Where was the outrage about Clinton’s claim that the Libyan intervention, which she forcefully advocated for as secretary of state in the Obama administration, “was the right decision. Not taking it, and permitting there to be an ongoing civil war in Libya, would have been as dangerous and threatening as what we are now seeing in Syria.” Clinton didn’t mention the very real fighting—the civil war, you might say—that followed the intervention in Libya. She didn’t reflect on whether, on balance, the Libyan intervention has made Americans safer. And she didn’t discuss the excruciating calculus commanders in chief must make: how she weighs the Libyan lives lost in the conflict that came after the dictator’s death against the Libyan lives that could have been lost had the U.S. and its allies not intervened against Qaddafi. Lauer followed up with a question about Iran.
Where was the outrage about Trump’s assertion that Clinton “made a terrible mistake on Libya … [and] then they complicated the mistake by having no management once they bombed you-know-what out of Qaddafi. … I think that we have great management talents.” Lauer didn’t ask Trump why then, back in 2011, he had supported U.S. military intervention in Libya to “save … lives,” and why Trump had been so confident that it “would be very easy and very quick” to overthrow Qaddafi given his alleged longtime opposition to the Iraq War. Lauer didn’t ask for a couple concrete examples of how Trump would have managed the post-Qaddafi period better than President Obama. Instead, Lauer asked if Trump was “prepared” to be commander in chief.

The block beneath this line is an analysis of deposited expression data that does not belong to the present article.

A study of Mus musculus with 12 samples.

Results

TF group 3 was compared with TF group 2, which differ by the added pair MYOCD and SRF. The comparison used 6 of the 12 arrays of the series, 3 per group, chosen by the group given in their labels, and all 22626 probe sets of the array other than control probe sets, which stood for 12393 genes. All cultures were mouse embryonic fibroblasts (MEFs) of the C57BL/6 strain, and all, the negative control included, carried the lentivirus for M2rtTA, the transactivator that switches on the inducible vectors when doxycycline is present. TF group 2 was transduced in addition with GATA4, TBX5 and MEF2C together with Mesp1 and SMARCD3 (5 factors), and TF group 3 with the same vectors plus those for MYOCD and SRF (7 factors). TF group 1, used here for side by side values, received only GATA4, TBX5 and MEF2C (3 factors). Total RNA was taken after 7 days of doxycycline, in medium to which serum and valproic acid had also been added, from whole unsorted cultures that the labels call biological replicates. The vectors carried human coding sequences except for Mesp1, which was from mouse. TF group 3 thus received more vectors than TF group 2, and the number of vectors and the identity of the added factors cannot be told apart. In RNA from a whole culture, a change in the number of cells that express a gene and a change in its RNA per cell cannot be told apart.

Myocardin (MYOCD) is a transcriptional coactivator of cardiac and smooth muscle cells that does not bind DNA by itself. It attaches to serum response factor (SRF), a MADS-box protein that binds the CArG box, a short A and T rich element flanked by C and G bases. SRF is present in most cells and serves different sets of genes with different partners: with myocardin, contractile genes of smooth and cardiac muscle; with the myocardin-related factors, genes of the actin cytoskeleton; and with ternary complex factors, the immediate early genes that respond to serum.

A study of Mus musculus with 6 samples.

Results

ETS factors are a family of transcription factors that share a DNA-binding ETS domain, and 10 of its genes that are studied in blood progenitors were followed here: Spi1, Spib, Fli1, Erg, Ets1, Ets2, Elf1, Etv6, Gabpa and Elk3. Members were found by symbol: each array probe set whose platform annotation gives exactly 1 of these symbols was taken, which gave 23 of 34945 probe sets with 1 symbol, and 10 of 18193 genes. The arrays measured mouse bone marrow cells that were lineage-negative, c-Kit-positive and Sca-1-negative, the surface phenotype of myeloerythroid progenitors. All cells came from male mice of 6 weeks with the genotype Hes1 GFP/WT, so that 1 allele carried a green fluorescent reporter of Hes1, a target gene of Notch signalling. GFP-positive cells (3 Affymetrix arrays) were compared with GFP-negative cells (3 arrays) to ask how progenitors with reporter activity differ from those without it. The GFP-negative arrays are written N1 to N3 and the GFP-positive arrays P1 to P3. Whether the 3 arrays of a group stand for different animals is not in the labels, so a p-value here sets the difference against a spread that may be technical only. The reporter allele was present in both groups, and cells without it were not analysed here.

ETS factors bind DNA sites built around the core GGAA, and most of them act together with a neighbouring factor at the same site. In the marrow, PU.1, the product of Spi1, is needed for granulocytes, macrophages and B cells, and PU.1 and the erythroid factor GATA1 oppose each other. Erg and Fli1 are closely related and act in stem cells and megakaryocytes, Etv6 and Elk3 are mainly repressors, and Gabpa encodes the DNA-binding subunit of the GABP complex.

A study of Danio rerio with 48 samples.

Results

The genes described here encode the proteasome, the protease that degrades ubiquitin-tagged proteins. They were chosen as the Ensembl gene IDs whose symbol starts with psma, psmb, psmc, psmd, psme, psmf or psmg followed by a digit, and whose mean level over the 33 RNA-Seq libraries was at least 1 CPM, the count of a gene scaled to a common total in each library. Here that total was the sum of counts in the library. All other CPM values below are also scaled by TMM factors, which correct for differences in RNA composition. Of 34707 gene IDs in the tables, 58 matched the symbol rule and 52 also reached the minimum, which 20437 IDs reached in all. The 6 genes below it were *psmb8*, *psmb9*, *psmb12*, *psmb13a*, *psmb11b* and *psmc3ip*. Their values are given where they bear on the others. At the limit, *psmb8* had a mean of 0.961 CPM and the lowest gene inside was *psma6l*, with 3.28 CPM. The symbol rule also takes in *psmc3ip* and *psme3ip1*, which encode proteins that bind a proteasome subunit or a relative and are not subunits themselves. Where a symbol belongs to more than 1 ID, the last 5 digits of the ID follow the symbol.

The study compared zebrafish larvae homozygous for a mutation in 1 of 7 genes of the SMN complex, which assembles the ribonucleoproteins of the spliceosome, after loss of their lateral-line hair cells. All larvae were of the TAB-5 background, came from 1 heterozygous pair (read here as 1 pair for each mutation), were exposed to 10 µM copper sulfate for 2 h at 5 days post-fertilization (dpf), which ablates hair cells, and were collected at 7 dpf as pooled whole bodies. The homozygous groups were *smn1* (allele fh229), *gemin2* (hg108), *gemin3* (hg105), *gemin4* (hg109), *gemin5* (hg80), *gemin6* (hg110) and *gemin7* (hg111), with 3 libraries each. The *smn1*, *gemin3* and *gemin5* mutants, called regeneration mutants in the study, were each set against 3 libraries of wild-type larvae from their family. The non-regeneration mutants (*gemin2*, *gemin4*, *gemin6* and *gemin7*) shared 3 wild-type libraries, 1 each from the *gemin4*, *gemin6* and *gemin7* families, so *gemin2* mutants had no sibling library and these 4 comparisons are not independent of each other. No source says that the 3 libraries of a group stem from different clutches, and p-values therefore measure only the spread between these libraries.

Where was the outrage when Clinton said her vote for the Iraq War (as a national political leader authorizing war, not a businessman sounding off on a radio show) was a mistake, but then didn’t explain why, specifically, her support for the Libyan intervention wasn’t? Lauer didn’t ask for an explanation. Regarding the Iraq War, Clinton said “it is imperative that we learn from the mistakes.” Lauer wasn’t interested in what lessons she’d learned.
A national-security forum would have been a sensible time to probe the candidates on their theories of war in the post-9/11 world, and how those theories substantively differ—why they took the positions we know they took, what they learned from those decisions, and how they would apply those lessons as president of the United States. After all, as my colleague David Graham has noted, the interventions in Iraq and Libya “show how Clinton and Trump both came to the same conclusions about hitting Baghdad and Tripoli: The wars would be short, good for America, and good for the world. In both cases, they were wrong, and the major contrast between them is that Clinton was better versed in the specifics of both cases when she made her calls.”
The Commander-in-Chief Forum was just one of many instances so far on the campaign trail when matters of war and peace have been boiled down to who was for what when, who founded ISIS, who is a gift to ISIS, and so on. In Britain, the wars in Iraq and Libya have recently prompted introspection and serious wrestling with hard truths. Not so across the Atlantic.